The Lost Tools of Birthing

Between Geoffrey Chaucer, the author of The Canterbury Tales who died in 1400, and Edmund Spenser, who published The Sheapherd’s Calendar in 1576, you will scan your anthologies of English verse in vain for a renowned poet.
Why did English literature blossom in the 14th century only to enter an aesthetic dark age until Spenser? And why did the late 16th century, the Elizabethan age, experience a flowering that many students of English literature still consider a golden age? How did nearly 200 obscure years disappear in the radiance of Spencer, Sidney, Shakespeare, Marlowe, Donne, and so many great poets, writers, explorers, and scientists?
Grammar and rhetoric.
In 1540, King Henry VIII issued an Executive Order that every school throughout the realm should teach a uniform grammar. In the 1544 version, the following “letter to the reader” explains why he issued his history-altering decree:
“His majesty considering the great encumbrance and confusion of the young and tender wits, by reason of the diversity of grammar rules and teachings (for heretofore every master had his grammar, and every school diverse teachings, and changing of masters and schools did many times utterly dull and undo good wits) hath appointed certain learned men meet for such a purpose, to compile one brief, plain, and uniform grammar, which only (all others set apart) for the more speediness, and less trouble of young wits, his highness hath commanded all schoolmasters and teachers of grammar within this his realm, and other his dominions, to teach their scholars.”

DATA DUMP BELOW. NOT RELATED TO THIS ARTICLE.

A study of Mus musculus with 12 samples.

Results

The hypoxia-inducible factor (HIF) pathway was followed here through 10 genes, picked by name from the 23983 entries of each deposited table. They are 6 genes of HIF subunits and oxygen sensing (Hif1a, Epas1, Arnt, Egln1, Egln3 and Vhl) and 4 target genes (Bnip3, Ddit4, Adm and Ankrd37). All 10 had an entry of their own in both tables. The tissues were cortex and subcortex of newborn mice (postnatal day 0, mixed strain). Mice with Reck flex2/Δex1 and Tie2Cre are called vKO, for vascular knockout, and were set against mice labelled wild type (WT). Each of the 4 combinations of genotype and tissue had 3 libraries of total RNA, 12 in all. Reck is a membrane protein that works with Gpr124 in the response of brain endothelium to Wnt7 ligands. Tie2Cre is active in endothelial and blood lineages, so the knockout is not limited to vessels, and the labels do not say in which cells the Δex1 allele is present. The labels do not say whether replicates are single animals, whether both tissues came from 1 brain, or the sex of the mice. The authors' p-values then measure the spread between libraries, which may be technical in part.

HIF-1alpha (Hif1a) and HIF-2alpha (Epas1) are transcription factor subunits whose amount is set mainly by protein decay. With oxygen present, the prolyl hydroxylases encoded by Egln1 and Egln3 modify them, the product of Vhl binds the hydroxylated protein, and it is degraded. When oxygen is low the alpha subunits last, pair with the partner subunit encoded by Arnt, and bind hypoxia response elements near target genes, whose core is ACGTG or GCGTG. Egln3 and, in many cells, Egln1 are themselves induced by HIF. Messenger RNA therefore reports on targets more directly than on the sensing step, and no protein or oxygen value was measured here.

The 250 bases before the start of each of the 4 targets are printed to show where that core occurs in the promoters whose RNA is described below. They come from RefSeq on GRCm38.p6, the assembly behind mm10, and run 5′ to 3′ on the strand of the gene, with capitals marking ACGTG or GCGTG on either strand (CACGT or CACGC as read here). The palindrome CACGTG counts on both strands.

Every English school child in Elizabethan England memorized this famous “Lily’s Grammar.” Even earlier, Dean Colet had re-founded St. Paul’s school in London, where he implemented a curriculum and text books written and assisted by his friend, Erasmus. By the time Shakespeare reached the Stratford Grammar School in 1571, the curriculum and methods of St. Paul’s had spread throughout England. Sister Miriam Joseph describes the manner of teaching:
“The method prescribed unremitting exercise in grammar, rhetoric, and logic. Grammar dominated the lower forms, logic and rhetoric the upper. In all forms the order was first to learn precepts, then to employ them as a tool of analysis in reading, and finally to use them as a guide in composition…. The boy must first be grounded in the topics of logic through Cicero’s Topica before he could properly understand the one hundred and thirty-two figures of speech defined and illustrated in Susenbrotus’ Epitome Troporum ac schematum et grammaticorum et rhetoricorum”
The assumption behind this Renaissance curriculum is the same assumption that an athlete or a painter or a dancer makes when he seeks excellence: virtue requires “unremitting exercise,” which is to say, disciplined mastery of the craft.
The Lost Tools of Writing is a shadow of the curriculum Erasmus and Lily established in 16th century England. It is hoped that this shadow, learned by eager students and taught by humble teachers, can plant the seeds of a thousand individual Renaissancen.
The Lost Tools of Writing rests on the conviction that our world is populated by geniuses and intelligent people who fail to realize their genius or fulfill their intelligence for lack of disciplined training in the craft of writing. When the insights and epiphanies come, the unprepared mind has no vessel to preserve it.
The more intelligent the student, the more frustrating the experience.
Perhaps it strains the point to insist that writing is a craft with tools that empower the craftsman through practice, that writing produces artifacts that can be objectively assessed for their consistency with the principles of the art, and that the goal of instruction is for the student to attain self-mastery, which is synonymous with freedom.
If American education is going to be reborn, if the United States are going to experience a much-needed rebirth of freedom, it will only occur through a wide-spread commitment to the verbal arts of grammar, logic, and rhetoric.